Adrienne spent six years as a caregiver, caring for her husband Steve who was diagnosed with lung cancer in 2005 and then for his mother, Sylvia, diagnosed with cancer two years later.
In this post, Adrienne talks about something I’ve learned can be called “therapeutic fibbing,” a communication approach sometimes used with people in more advanced stages of dementia when the reality they’re seeing may not match actual reality. For example an 85-year old woman may ask when her mother is coming to see her. Rather than correcting the woman by saying her mother no longer lives, a fact that could be extremely upsetting, the caregiver offers a response that is reassuring and then tries to refocus attention. It’s about giving priority to the person’s emotional truth.
Steve and Sylvia were not suffering with dementia, but they were very ill. Adrienne found that what they needed to hear kept their spirits up far more than focusing on harsh realities. She was tuning into their emotional need. But, as Adrienne explains, knowing when the “little white lie” works best and when one must face a difficult truth can be difficult:
As kids, both Steve and I had grown up in families that avoided uncomfortable topics. We’d hear something like “Your father is in the hospital” days after he’d been admitted. We both felt this approach was wrong—if we didn’t know someone was ill or in the hospital, how could we properly show concern?
For this reason, Steve and I had had always been totally up front with each other about things like this, but his ninety-year-old mother Sylvia was another story.
Sylvia came to live with us when she was diagnosed with lymphoma. I became her primary caregiver, responsible for her well-being. For me this included keeping her spirits up. I soon discovered that if Sylvia felt like she looked good, she felt better overall.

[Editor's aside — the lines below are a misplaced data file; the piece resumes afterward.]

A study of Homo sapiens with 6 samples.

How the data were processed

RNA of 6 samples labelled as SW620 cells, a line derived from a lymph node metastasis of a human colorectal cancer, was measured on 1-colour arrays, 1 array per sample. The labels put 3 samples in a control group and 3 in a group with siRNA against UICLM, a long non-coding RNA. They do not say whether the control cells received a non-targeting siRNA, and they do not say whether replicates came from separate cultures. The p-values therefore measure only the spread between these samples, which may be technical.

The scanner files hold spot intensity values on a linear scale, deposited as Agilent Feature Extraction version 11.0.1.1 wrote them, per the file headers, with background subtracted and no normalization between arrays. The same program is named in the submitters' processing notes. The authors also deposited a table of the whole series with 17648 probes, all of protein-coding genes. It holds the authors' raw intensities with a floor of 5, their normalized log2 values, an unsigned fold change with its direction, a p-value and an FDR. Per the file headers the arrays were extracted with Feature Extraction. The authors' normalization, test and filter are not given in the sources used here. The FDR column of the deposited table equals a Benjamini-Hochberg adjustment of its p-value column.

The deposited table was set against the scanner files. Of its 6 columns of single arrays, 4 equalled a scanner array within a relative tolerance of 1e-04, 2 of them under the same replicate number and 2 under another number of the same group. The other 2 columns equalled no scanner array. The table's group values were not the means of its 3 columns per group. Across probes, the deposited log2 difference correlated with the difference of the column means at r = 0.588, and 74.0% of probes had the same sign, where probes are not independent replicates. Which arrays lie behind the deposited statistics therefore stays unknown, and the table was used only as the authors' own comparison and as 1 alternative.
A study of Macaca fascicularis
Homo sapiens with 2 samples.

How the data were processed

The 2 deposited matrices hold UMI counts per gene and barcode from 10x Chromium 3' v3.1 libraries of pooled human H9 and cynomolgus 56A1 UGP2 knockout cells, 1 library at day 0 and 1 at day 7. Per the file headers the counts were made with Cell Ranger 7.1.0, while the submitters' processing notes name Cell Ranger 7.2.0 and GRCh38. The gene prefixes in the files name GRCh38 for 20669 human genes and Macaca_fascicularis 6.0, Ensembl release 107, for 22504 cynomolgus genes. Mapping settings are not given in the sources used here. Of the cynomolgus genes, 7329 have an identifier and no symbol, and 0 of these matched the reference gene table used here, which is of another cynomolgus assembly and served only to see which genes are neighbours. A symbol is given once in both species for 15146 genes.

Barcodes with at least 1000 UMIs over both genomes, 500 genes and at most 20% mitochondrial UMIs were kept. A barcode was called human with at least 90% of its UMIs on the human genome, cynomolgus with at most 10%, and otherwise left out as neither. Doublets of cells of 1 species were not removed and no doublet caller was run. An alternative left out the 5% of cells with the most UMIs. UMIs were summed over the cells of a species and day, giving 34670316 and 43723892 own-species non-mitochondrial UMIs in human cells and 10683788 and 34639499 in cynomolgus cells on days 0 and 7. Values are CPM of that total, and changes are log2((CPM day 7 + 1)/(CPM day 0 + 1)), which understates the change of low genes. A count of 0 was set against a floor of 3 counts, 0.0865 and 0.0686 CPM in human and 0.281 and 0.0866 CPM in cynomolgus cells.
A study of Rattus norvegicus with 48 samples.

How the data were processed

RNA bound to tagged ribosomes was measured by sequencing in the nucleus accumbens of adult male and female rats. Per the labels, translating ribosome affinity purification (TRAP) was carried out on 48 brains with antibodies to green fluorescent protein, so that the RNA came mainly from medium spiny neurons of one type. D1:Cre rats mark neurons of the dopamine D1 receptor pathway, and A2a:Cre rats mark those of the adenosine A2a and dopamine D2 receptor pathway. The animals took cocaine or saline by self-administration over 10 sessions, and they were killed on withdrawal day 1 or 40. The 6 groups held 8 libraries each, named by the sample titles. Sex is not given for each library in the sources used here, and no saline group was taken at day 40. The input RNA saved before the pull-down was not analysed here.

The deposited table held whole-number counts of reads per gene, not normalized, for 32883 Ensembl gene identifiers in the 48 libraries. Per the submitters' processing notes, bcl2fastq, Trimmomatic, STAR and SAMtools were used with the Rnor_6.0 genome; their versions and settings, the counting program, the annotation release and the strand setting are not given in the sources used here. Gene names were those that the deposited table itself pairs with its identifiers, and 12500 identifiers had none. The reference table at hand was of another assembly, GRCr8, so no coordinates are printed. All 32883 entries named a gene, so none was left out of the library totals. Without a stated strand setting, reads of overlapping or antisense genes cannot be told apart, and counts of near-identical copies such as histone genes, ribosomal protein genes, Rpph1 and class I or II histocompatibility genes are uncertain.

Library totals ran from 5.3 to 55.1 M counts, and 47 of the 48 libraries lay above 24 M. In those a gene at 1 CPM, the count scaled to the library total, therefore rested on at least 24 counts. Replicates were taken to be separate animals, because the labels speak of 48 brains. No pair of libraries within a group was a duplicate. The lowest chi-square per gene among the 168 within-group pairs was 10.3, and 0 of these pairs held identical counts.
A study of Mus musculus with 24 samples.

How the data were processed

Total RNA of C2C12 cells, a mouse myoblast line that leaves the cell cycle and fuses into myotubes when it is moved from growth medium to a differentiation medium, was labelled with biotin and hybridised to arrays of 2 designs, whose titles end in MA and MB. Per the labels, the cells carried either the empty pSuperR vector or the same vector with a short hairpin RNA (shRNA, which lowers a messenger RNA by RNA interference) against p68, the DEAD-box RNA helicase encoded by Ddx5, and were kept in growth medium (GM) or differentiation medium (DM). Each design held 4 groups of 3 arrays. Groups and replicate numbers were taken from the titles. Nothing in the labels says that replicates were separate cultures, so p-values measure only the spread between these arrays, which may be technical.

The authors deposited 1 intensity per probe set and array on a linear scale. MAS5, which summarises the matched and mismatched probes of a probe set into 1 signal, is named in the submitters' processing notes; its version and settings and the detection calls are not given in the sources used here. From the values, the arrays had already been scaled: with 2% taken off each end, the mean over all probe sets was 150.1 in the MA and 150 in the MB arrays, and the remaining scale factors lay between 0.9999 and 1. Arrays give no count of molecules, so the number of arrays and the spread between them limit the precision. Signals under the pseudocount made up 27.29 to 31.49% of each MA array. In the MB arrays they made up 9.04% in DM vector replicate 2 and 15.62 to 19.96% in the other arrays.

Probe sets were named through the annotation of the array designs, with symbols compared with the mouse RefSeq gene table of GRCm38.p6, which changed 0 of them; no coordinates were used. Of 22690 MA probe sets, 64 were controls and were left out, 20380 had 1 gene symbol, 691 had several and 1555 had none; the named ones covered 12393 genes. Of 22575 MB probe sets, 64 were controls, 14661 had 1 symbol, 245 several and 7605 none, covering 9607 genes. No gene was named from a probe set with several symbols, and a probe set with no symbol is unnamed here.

In fact, she didn’t look good when she first arrived. The illness meant she’d lost a lot of weight and her clothes no longer fit her. I got her a whole new wardrobe and it worked wonders. It kept her in the moment. “How do I look?” got an honest answer—she looked great. Until she didn’t. Then conversations were about her hair and her weight and how weak she was. I would reassure her that her hair would grow back, that we’d see to it that she gained weight, and that being weak was to be expected in her condition. After treatment, she’d get her strength back. In the end, reassurance was just about love.
It was different with Steve. We had an honesty pact in place long before he was diagnosed with cancer. With Steve it wasn’t about telling him he looked great when maybe he wasn’t—he continued to look great until the end. Keeping Steve’s spirits up was about telling him daily that “It’s going to be okay” when it came to the little complaints that meant nothing. We believed in this positive approach—we had a magnet on our fridge that said: “Everything will be okay in the end. If it isn’t okay, it isn’t the end.” So, “okay” became making the most of each day and preparing for an end that would be “okay.” And, in the end, everything was all right—for him. He passed quickly with me comforting him by his side.
Steve’s mother died in June of 2010 and Steve died in March of 2011. So, I could continue knowing I had done everything I could both for him, and his mother, and I have no regrets. I guess, in a very odd way, everything IS all right. Given the givens, I’d change nothing, and knowing that is a blessing.